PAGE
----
One Tour image that has stayed with me happened a week (or two…happily, one loses track of time once in the Tour bubble) ago when Chris Froome had a mid-race bike change. What struck me was how calmly and carefully Froome took his Garmin head unit off the old machine, and while all around the world was spinning into panic over his situation, the unflappable champion almost lovingly attached it to his new F10, and, without even looking up to see what was happening in front, took the time to pair the unit with the new Stages powermeter. I’m sure he performed a zero reset sometime soon after.
This devotion to data is what defines Team Sky and their tactics in the race, and what squashes any attempts at improvisation and “panache” from the other riders. Contador’s farewell gesture to the Tour yesterday, so reminiscent of Bernard Hinault’s solo Alpine attack of the 1986 Tour, was an example of what makes cycling great. Unfortunately, the data didn’t back up the Spaniard’s bravery, and his efforts were poorly repaid. Same with the equally courageous Dan Martin who showed real guts in his attacks that again did not pay off.
All of this data-driven racing, and I know, people hate to hear this, comes from the brain of Doctor Ferrari and his top pony, Lance Armstrong, who invented VAM (velocità ascensionale media) a measure of the speed of elevation gain. So while Contador and Martin are placing their attacks, the Sky technical team are back at the Dark Star measuring VAM, power readings and who knows what else, relaying their findings back to the Sky team car who are coaching their riders through the earpieces on EXACTLY how hard to ride and when. It was clear to see when Landa was dropped the couple of times yesterday and how perfectly and calmly he made his way back to the front. And while the other teams have similar systems, no one has the scientific brainpower of Sky (nor budget to collect Kwiakowski, Landa, et all into one team) and that’s the difference you see and the reason for the suffocating style of racing – although the echelon the other day was pretty aggressive – but again, the spot to mount it had been pre-measured for greatest effect.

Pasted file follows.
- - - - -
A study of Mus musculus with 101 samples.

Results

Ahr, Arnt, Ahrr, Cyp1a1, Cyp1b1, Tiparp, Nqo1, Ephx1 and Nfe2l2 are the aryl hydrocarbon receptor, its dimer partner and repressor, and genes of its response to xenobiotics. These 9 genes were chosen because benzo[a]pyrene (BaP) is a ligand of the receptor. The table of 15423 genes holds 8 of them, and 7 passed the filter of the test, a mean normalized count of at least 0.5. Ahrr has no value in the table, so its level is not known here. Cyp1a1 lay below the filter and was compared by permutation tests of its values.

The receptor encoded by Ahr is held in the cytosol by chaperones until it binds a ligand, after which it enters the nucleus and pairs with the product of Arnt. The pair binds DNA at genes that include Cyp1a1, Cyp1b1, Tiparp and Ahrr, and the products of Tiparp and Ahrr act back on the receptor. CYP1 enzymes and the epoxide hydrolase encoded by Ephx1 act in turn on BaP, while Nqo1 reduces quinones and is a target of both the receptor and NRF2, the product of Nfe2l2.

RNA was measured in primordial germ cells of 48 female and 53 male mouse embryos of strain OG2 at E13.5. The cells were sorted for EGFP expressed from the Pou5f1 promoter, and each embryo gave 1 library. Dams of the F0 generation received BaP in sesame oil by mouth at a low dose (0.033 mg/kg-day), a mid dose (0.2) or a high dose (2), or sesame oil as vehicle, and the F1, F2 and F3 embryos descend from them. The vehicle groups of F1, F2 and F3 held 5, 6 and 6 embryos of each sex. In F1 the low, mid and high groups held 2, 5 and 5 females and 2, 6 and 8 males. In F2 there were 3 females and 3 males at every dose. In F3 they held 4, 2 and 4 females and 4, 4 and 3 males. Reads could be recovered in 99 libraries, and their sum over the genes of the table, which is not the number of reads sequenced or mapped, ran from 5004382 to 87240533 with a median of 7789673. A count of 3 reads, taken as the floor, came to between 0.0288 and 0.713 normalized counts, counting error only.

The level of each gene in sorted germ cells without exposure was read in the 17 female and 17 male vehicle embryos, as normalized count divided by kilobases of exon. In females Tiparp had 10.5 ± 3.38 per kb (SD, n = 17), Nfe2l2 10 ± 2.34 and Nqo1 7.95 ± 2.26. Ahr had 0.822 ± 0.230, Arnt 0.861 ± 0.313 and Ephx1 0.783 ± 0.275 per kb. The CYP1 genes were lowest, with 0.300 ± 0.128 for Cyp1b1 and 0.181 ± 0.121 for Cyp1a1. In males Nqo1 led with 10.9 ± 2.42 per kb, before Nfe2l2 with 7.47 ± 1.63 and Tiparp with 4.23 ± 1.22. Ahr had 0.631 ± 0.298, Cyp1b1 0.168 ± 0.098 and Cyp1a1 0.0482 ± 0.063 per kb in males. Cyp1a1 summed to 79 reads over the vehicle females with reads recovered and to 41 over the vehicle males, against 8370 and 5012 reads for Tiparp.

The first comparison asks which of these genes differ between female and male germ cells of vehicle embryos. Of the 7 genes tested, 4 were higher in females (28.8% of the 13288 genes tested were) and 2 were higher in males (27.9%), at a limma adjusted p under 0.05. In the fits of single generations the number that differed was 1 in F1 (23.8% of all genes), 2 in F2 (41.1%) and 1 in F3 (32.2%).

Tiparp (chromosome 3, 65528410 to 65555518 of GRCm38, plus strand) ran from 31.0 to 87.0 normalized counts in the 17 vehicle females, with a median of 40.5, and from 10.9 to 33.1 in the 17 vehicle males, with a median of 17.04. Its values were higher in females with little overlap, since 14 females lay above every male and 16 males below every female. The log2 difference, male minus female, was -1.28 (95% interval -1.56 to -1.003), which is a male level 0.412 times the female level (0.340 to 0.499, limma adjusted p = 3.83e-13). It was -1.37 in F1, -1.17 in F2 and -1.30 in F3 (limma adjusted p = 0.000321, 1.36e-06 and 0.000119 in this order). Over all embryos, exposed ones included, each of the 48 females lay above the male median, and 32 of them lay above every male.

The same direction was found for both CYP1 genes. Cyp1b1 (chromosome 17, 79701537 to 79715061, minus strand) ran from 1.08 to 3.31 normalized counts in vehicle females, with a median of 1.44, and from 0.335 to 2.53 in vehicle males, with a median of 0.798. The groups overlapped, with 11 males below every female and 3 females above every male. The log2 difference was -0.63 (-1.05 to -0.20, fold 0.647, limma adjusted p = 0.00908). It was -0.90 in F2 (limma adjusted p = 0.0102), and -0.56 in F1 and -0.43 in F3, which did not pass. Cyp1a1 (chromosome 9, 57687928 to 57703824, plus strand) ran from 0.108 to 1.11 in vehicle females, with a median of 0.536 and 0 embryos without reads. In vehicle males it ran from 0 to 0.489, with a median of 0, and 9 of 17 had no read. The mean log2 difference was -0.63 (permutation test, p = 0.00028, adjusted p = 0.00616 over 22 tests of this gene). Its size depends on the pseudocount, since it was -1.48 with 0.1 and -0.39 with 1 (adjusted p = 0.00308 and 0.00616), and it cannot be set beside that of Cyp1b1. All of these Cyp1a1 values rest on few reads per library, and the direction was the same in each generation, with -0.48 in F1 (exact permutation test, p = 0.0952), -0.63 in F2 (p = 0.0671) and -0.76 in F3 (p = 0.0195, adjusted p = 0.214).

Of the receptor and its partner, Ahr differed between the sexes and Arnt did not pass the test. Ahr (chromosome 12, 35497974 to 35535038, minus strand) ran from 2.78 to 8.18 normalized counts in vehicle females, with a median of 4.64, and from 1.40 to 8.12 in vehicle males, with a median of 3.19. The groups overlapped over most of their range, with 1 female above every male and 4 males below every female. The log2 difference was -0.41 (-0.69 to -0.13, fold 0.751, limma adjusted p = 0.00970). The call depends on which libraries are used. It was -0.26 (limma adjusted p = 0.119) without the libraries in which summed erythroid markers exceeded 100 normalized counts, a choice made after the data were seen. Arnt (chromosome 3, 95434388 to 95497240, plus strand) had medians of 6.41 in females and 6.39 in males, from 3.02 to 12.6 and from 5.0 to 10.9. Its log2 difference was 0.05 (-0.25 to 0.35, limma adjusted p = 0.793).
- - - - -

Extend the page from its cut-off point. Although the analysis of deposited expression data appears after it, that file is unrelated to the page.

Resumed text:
At the 1996 Atlanta Olympics, the American team, headed by Lance of course, lost radio communication during the road race. The boys were completely confused, didn’t know that the break had gone up the road and clearly didn’t know how to race without being directly instructed. The incredible sense of tactics and timing of a Greg LeMond had been lost and it showed in that terrible collective performance by the Yanks (there is one exception, Frankie Andreu rode away to just miss the podium and bring home 4th place.) What would happen if the power meters were banned? Radios ok, I get the safety issues they address, but doing away with powermeters makes for an interesting conversation.
Rigoberto Uran continues to impress: the French are furious with him, calling him an old fox (vieux renard) who follows, follows and then scoops up seconds where he can. On stage 1 he was 1’03” behind, stage 8, 1’01”, stage 11, 0:55”, stage 13, 0:35”, and now he’s second by 0”27” a couple of milliseconds ahead of Bardet. Vaughters, with his own calculating style, has clearly accepted the facts of the new data world, and is guiding the Colombian perfectly and according to the rules of modern cycling. We’ll see what the truth is on top of the Izoard today, but don’t forget, Uran once beat Fabian Cancellara in a Vuelta TT and won a TT at the Giro as well. The entire peloton knows he has that weapon sitting in his back pocket making his race, so far, perfect.
John Eustice, is the organizer of the Thompson Bucks County Classic in Doylestown, Pennsylvania and a long-time cycling analyst who has contributed to ESPN, ABC Sports, Time Magazine, and CNN among others. The Bucks County native resides in New York City. He was a pioneer on the European racing circuit and is a two-time United States Professional Champion.